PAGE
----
Self respect costs nothing but effort~Rachel Hollis – Girl, Stop Apologizing
Listening through the book… again… which is probably my millionth time – okay, that’s an exaggeration, but you get the picture – but there’s one part that she talks about with being in a situation she can’t control, so she controls the area that she can; her bed. She makes it every day.
There’s other things she talks about but the quote about self respect really struck a cord.
What does “self respect” mean to you?
I decided to look it up and though most of them were along the same line, one stuck out: “a feeling of respect for yourself that shows that you value yourself“
So, you could argue that external aspects of your environment is included in this – after all, you earned the money that put the clothes on your back, the food in your fridge, how you furnish and decorate your home…. it can incorporate every aspect of your life.
Even if you’re going through rough times, you can still maintain your self respect by how you conduct yourself in the areas you can control.
You may be thinking that self respect has to do with YOU – not your environment, but let me ask you this: How do you feel when you walk into a dirty or messy home? For me, when I walk into a room of the house that’s overly messy but I simply haven’t found the time to organize and clean everything up, I feel like shit. I get anxious and I want to leave the room.
Having a clean, tidy home has never been an strong ability of mine. I WANT to. I try. I may succeed for a few days or weeks, but then things start piling up… literally and figuratively!
The kitchen is a perfect example: Every Friday afternoon, my husband cleans the kitchen (he has Friday afternoons off) Over the weekend, with the cooking and eating all meals at home, dishes start to pile up. I try to keep everything clean, but it might be a couple forks here, a glass there… then the next thing I know, all the knives are sitting in the sink needing to be washed. I WANT to have a completely clean kitchen when I go to bed each night – sometimes it works, sometimes it doesn’t… mostly doesn’t.
My room is another example. We live in a 3 bedroom home. The master bedroom is BARELY big enough for our king size bed and the two night tables, so we each get a bedroom to keep our dressers and personal stuff in the room. Pretty much all of our clothes are in there and whatever else that doesn’t have a place in the rest of the home. Laundry gets done habitually once a week – usually on Sundays – but folding the clothes sometimes takes another week – it’s Friday and there’s not one, but two baskets of clothes sitting in the dining area of our main living space; unfolded and now wrinkled. When we do manage to fold them, they often sit in the baskets in our rooms until it gets to the point of needing them so we can do laundry. Most days, when I change or go to bed, the clothes don’t get put away – they end up on the floor or on my dresser. If they’re clean enough to wear again, they’re clean enough to be put away… and yet I still struggle.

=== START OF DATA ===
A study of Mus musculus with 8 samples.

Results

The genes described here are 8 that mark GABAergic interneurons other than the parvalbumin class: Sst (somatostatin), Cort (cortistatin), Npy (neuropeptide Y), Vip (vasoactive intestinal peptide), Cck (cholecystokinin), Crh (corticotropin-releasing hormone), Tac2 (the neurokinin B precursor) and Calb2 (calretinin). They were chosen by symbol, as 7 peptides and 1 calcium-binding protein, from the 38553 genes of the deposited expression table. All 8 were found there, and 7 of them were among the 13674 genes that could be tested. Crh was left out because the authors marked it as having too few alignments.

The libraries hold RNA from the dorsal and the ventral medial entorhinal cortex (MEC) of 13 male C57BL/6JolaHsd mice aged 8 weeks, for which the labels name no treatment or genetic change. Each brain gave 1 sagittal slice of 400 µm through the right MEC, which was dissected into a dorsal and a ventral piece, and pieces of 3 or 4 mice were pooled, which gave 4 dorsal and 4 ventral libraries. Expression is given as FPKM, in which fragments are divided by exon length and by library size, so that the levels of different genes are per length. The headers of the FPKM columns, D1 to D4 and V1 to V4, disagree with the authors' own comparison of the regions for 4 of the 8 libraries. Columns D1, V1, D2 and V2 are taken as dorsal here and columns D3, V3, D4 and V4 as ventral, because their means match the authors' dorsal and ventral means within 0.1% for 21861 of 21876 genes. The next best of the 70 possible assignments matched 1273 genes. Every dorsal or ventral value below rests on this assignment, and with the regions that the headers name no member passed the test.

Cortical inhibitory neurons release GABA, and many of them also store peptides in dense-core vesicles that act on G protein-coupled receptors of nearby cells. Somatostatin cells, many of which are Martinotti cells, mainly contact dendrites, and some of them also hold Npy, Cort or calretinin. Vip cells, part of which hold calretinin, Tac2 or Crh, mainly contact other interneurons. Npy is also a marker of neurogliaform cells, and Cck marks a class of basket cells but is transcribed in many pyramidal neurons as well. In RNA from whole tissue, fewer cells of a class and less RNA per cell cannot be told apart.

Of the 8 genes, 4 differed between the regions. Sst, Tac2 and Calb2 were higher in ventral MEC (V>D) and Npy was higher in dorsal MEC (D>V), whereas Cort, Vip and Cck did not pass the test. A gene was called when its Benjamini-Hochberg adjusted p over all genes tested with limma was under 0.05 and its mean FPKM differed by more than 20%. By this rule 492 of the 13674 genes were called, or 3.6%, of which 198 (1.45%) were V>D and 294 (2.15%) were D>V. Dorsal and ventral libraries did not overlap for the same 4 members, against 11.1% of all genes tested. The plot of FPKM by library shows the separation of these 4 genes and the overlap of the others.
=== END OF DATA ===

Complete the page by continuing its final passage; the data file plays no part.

Honestly, I’m so embarrassed to talk about this, but I think it’s important to address.
YES, I know I’ve had posts talking about not stressing about the work around the house – it’ll always be there, blah, blah, blah… but there’s some truth to keeping an orderly home; the outside environment is a reflection of self respect. I don’t know anyone who would say “I have a ton of self respect but I like to live in a pig sty”… yeah, just doesn’t happen!
The biggest thing is once the house is clean, it’s easier to keep clean… it’s just getting it there! That’s where I live. I WANT to get it nice and organized and clean… but, damn, that seems impossible!
So… how can we start working on getting there?
Identify the areas that cause you the most anxiety. For me it’s the kitchen, the dining room table (as it’s a magnet for clutter), and my room. Though my room is the most important one to me, it’s the easiest to ignore as the door is always shut.
Do you remember when you were a child, being told to “put things back where they belong”? I recall that very vividly and now I understand that saying. Yes, there’s the whole not losing something if it’s always in the same place, but if everything has a place, you’re less likely to start hoarding. How much of something do you have if you can’t see what you currently have?
I have a system: there’s a place for everything, everything in its place.Wasabi ~ Big Hero 6
Have I mentioned I’m a massive animation fan? Disney, Pixar, Dreamworks, etc.
But there’s a lot of truth to that; if everything has a place, everything should be kept in that place. If it’s not kept in that place, it’s because it’s being used. When you’re done using it, it should go back to that place – or in the laundry hamper if it happens to be clothing.
So… what areas make you stressed?
Here’s my suggestion: take 30 minutes every day and clean. Doesn’t have to be the same room, but take 30 minutes and clean – even if it’s just moving clutter from one space to where it’s supposed to be. For instance, do you have a tendency of taking off articles of clothing in the main living area and they stay there all week? That’s me!
We also ave a couple of gifts we’ve had for almost a month instead of packing up and mailing – especially since there’s now a new baby, I picked up more gifts… and it’s been a couple of weeks. We meant to do it last weekend, but, they’re still sitting there. I went to do it today… but we don’t have any wrapping paper! Foiled again!
There’s so many ways we make our lives harder… now why don’t you try something that might make things easier…
… all it costs is a little effort.
Edit: I’ve been managing to keep the kitchen clean and it’s amazing how much less anxiety I have going into the kitchen.